28 Nov Herpes Zoster Risk Slightly Increased in Patients Taking Biologics
Medical Research: What is the background for this study? What are the main findings?
Dr. Putzki: Herpes zoster (HZ) infections are increasingly reported in patients taking multiple sclerosis (MS) disease modifying treatments (DMTs). This has been a particular concern ever since more potent MS DMTs have become available.
We have assessed the experience with oral fingolimod, a first in class S1P receptor modulator licensed for multiple sclerosis treatment in 2010, which has today more than 140,000 patient years of exposure in MS clinical trials and the post-marketing setting. Key findings include the fact that Herpes Zoster (HZ) infections occurred at a low rate in clinical trials but were more frequent than with placebo.
In the post-marketing setting, Herpes zoster reporting rates have not increased over time versus clinical trials, and rates have remained stable over time (so there is no risk accumulation).
Our article, which is the result of a consensus meeting with experts in the field of MS and infectious diseases, provides general guidance on risk mitigation; this includes vigilance and appropriate HZ infection management, relevant to physicians when prescribing MS DMTs.
Medical Research: What should clinicians and patients take away from your report?
Dr. Putzki: The assessment of immunity to varicella zoster virus (VZV) prior to treatment initiation with fingolimod is recommended. The Centers for Disease Control and Prevention (CDC) provides general guidance on how to assess immunity, by means of laboratory antibody testing and patient history. Adults who do not have evidence of immunity can be vaccinated to varicella virus to obtain immunity. This will prevent primary varicella infections which are feared to be more serious in adults compared to children. Re-activation of VZV infection – Herpes zoster (HZ) – is more frequent with increasing age. The available VZV antibody tests to measure VZV immunity is not predictive to quantify the risk of HZ infections, and the assessment of VZV T cell immunity in clinical practice is not possible at this point. It is important to be aware that corticosteroids, often used for treatment of MS relapses, can increase the risk of HZ infections. The dose and duration of corticosteroid treatment require the physician’s judgment. Vigilance towards early symptom recognition of Herpes zoster and anti-viral treatment is important.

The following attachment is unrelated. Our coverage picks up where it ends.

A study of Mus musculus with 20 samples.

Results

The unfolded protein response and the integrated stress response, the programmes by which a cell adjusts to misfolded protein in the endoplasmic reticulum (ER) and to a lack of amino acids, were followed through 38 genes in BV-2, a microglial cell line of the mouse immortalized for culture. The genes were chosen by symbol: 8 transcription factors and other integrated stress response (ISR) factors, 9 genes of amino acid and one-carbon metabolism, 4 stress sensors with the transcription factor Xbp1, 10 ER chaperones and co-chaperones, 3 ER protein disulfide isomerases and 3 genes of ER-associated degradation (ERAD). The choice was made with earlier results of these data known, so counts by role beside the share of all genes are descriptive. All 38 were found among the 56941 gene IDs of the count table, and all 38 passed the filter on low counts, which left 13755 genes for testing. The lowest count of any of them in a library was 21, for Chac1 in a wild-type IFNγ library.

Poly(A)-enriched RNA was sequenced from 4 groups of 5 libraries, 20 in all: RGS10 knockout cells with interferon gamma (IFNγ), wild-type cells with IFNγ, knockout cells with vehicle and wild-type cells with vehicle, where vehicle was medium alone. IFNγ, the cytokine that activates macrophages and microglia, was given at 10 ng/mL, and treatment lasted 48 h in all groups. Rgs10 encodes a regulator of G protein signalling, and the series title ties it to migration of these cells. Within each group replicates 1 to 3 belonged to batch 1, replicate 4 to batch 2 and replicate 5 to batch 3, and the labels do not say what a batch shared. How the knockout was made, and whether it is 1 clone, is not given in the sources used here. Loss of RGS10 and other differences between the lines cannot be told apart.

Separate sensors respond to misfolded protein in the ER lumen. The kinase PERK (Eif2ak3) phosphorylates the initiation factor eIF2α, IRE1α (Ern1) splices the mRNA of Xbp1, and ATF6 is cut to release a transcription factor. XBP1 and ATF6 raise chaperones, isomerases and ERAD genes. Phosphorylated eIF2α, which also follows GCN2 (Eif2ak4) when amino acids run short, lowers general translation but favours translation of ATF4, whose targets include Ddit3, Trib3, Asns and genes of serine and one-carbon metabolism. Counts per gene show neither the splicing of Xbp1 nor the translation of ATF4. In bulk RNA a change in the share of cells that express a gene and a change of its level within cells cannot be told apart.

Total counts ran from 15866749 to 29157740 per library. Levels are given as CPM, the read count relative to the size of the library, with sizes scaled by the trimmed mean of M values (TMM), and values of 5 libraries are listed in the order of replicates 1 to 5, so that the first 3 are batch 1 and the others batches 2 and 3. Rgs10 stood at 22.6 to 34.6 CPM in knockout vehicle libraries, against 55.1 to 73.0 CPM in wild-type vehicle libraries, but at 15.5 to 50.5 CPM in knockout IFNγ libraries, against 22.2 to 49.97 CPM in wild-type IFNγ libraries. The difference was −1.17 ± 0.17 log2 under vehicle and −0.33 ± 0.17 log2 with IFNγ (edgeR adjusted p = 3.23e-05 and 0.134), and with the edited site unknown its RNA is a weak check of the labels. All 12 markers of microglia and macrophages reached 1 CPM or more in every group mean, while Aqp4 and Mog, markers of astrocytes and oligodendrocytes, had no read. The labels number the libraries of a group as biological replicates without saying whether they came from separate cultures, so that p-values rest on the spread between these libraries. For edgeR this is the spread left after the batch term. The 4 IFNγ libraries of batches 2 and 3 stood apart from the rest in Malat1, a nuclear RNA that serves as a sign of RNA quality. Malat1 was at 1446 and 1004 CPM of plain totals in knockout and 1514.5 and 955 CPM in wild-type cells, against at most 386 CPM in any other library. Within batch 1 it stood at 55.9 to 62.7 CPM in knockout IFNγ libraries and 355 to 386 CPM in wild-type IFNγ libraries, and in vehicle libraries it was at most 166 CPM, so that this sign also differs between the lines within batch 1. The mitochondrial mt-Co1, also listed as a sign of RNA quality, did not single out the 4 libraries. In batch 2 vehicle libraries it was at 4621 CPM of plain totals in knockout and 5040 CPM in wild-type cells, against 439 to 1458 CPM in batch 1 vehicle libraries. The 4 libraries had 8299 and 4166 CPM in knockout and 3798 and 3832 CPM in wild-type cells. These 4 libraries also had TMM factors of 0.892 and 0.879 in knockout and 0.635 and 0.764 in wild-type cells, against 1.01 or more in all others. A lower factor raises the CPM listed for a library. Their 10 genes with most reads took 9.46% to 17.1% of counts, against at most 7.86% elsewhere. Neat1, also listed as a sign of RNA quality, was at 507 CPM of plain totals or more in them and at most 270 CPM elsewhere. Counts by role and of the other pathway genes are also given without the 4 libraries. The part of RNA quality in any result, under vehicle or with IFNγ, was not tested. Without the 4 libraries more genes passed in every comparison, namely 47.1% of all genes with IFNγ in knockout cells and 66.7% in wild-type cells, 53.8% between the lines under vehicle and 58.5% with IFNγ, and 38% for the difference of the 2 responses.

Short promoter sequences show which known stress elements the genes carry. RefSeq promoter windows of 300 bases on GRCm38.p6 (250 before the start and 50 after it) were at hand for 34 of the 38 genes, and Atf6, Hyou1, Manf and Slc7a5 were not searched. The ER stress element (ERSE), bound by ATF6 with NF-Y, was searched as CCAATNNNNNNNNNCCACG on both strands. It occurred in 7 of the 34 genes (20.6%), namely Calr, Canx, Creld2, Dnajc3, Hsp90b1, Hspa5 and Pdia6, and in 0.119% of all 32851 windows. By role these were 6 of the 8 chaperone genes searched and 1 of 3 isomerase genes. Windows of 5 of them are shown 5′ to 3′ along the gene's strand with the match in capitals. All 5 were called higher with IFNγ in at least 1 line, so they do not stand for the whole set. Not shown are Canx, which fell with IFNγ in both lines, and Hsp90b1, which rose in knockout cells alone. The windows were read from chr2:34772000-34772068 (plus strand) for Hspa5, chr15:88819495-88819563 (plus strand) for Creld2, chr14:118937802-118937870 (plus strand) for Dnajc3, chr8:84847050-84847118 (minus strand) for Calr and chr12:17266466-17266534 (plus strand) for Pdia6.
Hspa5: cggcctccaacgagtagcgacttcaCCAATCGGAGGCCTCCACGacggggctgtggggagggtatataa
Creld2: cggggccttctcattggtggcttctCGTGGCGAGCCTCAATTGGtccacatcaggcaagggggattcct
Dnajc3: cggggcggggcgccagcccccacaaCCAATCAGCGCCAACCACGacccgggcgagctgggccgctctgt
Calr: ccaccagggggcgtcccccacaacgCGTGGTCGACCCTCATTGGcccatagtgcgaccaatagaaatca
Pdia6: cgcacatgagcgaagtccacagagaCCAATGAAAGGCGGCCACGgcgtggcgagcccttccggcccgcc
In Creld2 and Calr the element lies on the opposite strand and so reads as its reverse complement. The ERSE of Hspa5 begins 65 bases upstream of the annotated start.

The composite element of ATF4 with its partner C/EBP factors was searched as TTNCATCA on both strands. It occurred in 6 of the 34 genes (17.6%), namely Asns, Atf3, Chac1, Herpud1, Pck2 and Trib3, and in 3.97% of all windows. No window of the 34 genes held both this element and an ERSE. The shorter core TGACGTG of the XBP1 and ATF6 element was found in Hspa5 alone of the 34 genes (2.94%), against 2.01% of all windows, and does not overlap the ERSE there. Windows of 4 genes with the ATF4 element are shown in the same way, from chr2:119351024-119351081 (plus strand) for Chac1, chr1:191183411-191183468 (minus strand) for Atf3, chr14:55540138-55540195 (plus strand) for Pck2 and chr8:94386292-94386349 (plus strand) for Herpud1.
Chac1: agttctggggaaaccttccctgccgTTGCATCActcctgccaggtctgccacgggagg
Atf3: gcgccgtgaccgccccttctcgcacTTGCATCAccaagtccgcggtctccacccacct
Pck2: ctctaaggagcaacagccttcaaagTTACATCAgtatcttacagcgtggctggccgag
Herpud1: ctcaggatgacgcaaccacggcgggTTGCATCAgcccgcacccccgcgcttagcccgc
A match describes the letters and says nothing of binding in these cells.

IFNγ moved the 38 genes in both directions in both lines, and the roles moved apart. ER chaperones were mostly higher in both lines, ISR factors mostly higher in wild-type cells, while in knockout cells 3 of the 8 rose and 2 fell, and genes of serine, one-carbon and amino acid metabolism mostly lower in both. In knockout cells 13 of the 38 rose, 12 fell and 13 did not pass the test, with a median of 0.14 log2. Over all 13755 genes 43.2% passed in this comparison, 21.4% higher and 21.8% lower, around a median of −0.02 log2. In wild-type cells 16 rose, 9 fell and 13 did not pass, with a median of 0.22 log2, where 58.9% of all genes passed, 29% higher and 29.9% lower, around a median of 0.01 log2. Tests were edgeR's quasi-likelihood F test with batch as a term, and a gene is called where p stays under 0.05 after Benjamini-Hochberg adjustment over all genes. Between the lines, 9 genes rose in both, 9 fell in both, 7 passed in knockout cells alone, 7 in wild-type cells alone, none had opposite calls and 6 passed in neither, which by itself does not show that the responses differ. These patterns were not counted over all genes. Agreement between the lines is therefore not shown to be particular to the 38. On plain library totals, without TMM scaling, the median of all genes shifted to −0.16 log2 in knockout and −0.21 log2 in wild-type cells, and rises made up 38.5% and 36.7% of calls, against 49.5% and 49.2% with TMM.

Medical Research: What recommendations do you have for future research as a result of this study?
Dr. Putzki: Despite experience exceeding now 140,000 patient years, we will continue our assessment of VZV infections in patients treated with fingolimod in ongoing clinical trials and also in the post-marketing setting. Besides MS, this includes new indications such as pediatric MS and chronic inflammatory demyelinating polyneuropathy (CIDP).
Arvin AM, Wolinsky JS, Kappos L, et al. Varicella-Zoster Virus Infections in Patients Treated With Fingolimod: Risk Assessment and Consensus Recommendations for Management. JAMA Neurol. Published online November 24, 2014. doi:10.1001/jamaneurol.2014.3065.